COAL CITY - Black lung patients struggle with the everyday task of breathing, so their day-to-day tasks are altered after their diagnosis.
Rickie Coalson, 56, of Coal City said he gradually noticed that it was becoming tougher for him to breathe. "It got to the point where I would start having panic attacks when I would get real short of breath."
Coalson was forced to retire after almost four decades on the job because of his disease. After 28 years underground, Gary Hairston, 59, was forced to do the same. "It's a terrible feeling, you trying to get air and you can't get none," said Hairston. "You're thinking, what can I do? I can't even holler."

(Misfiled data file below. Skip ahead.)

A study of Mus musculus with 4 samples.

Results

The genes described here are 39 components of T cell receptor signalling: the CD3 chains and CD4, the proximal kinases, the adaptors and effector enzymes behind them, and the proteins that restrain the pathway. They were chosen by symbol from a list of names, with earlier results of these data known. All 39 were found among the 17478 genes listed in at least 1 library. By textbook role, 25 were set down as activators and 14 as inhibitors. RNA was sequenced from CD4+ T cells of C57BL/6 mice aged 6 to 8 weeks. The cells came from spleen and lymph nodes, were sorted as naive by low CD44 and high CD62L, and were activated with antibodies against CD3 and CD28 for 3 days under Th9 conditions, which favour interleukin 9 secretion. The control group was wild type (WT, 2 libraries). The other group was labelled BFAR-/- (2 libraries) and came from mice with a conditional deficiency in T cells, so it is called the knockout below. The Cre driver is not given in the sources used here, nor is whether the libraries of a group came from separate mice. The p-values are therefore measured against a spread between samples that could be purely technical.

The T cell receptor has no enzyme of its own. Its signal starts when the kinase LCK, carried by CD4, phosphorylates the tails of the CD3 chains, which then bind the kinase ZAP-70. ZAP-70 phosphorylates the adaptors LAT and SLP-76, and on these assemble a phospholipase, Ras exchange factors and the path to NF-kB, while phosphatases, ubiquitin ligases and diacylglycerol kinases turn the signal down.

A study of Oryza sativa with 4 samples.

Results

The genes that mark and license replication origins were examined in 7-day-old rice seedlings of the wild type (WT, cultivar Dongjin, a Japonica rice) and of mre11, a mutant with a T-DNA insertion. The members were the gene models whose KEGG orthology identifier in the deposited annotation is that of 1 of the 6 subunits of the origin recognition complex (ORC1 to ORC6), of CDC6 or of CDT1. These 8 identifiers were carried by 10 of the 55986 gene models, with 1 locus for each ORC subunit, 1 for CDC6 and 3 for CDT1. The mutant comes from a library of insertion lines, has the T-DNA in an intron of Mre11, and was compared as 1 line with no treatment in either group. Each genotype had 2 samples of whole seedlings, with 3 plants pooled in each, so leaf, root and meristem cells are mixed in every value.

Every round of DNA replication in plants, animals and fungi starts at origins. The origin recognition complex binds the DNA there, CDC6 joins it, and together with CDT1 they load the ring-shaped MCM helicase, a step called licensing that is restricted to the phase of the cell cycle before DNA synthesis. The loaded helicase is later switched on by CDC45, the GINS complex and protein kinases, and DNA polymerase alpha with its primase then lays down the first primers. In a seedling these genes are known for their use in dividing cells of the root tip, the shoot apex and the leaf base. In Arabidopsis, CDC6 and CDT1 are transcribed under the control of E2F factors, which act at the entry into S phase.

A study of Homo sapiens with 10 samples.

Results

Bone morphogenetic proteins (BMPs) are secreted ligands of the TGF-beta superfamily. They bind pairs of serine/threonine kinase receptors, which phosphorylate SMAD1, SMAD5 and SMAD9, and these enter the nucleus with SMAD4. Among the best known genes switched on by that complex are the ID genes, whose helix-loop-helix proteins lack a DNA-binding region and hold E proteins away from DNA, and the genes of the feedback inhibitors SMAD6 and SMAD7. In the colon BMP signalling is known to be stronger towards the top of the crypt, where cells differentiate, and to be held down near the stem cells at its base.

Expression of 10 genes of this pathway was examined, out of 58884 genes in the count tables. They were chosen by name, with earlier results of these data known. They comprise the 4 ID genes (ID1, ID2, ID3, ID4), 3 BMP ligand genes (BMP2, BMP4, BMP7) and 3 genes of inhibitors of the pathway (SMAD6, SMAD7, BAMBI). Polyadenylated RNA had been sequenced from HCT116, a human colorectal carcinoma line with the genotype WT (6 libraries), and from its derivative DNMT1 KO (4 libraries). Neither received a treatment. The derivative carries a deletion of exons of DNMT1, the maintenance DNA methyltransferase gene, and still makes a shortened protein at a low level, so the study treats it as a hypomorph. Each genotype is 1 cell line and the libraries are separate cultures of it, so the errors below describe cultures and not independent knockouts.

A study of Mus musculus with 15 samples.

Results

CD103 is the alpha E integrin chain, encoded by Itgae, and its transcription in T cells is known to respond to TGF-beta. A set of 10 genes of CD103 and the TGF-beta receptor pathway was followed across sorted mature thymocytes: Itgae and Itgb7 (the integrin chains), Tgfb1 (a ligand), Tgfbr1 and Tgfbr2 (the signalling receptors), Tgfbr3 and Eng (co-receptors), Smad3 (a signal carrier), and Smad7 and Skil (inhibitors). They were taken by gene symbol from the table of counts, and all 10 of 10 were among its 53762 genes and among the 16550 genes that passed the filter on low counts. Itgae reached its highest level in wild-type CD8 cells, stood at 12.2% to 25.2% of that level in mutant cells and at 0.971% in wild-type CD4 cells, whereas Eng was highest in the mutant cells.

Neither man ever thought he would be the suffering from this disease. "You know it's always in your mind when you go in the mines," explained Coalson, "But in this part of the country if you want to make a good living, I've even seen people go out of college and go in the mines to make the good money."
To help with their breathing, day-to-day life has become slower-paced for these former miners. "I know everything I do, I [need to] do it in moderation," said Hairston. "I don't ever push myself."
Coalson said some of the safety technology available to him at the time did not work properly and even made doing his job harder. "They give you masks and stuff to wear but now they tell us they were no good," said Coalson. "After a while, when your breathing gets hard, it's even hard to wear them because it restricts your breathing."
Both men say despite their hardships, they do not regret being coal miners and would still be in the mines if they did not have black lung.